The budget alternative

For two weeks now, we have been told by Democrats, talking heads and the editorial pages of newspapers that the budget compromise crafted in the Legislature was imperfect but better than the original LePage budget and that the governor had no reasonable option other than to sign the hastily thrown together bill.

It is rather remarkable to watch the entirety of the leftist echo chamber spring into action, in an attempt to bully the governor into signing a budget that was so critically flawed because it was supposedly “the only option.”

LePage, rightly, would not be baited into doing so. He has taken the requisite time to review the bill and says he intends to veto it. Good for him. Compromise simply for the sake of compromise, while running at full speed away from an opportunity to make transformative change to state government, is neither a brave nor moral thing to do.

State government is broken. Maine’s budget is broken. It is suffocated by structural problems, and taking the quick and easy way out by raising taxes rather than confronting that truth does nothing to help. It simply punts the ball down the field, hoping to avoid hard decisions until somebody else has to make them in the future.

This is exactly why Maine is in this predicament, because this has been the chosen solution of state government for decades. No real change. No real reform. Small, gimmicky Band-Aid fixes that hide the problem and cause the problem to be worse in the future.

For whatever the left wants to say about LePage’s election in 2010, his rise to the Blaine House was in large part due to years of frustration with this type of government. Maine is full of deeply frugal, responsible people with a solid work ethic and common sense approach to life.

Maine citizens of all political persuasions have known for a long time that state government spends too much on things they have no business spending money on. They know that the big ticket, critical functions of government like education and infrastructure are suffering because of the other priorities state government never should have focused on.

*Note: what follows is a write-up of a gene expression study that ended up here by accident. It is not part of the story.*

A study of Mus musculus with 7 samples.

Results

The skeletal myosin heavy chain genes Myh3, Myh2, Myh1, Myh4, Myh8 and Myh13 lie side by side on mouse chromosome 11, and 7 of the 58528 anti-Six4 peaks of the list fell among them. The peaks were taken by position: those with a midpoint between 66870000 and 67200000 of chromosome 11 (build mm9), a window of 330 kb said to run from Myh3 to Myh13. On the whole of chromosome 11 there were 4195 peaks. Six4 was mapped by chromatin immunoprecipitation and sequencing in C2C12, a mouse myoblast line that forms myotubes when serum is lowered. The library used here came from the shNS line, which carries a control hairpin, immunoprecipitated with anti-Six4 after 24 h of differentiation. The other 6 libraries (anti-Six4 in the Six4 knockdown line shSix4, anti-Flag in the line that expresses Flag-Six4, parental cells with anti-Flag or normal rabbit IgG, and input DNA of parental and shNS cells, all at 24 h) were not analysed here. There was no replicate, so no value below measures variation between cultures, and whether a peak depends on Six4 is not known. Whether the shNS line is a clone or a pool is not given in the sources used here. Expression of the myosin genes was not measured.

LePage promised to fix that, and he is obviously serious. That was apparent with his original budget, and it is apparent with his promise to veto this compromise bill.

He took a never-ending onslaught of criticism over his budget, and indeed, much of that budget was painful and hard. Yet the real point is that four decades of cowardly decision making by state legislatures and governors alike is what really made a budget proposal like his necessary in the first place.

If anyone is all that offended at LePage’s original budget, their outrage should more appropriately be directed at the decades of leaders in both parties that made it necessary in the first place.  Certainly not the person trying to fix what they did.

The compromise budget is just more of the same, and it deserves to be scrapped. Yet no one wants to see a shutdown of state government.

Enter the alternative: LePage on Thursday proposed that after he vetoes the legislation, the Legislature should pass a 60-day continuing resolution, which would avoid a shutdown on July 1 and keep state workers employed and working while lawmakers work on a new budget he can accept.

This would be a third way, between accepting a terrible compromise budget and shutting down the government, and it would allow Republicans to feel comfortable upholding the governor’s veto — as a viable alternative would be on the table to produce something better.

This is a reasonable idea that would allow a better bill to be crafted that didn’t raise taxes and takes seriously the need for real government reform.

With this new proposal, the ball is now in the hands of the Democrats. If they reject the governor’s idea — and there is quite literally no reason they should, outside of politics — then any subsequent government shutdown would be their responsibility.

Let’s see how serious they are about their responsibility to the people of Maine.


About Matthew Gagnon

Matthew Gagnon, of Yarmouth, is the Chief Executive Officer of the Maine Heritage Policy Center, a free market policy think tank based in Portland. Prior to Maine Heritage, he served as a senior strategist for the Republican Governors Association in Washington, D.C. Originally from Hampden, he has been involved with Maine politics for more than a decade.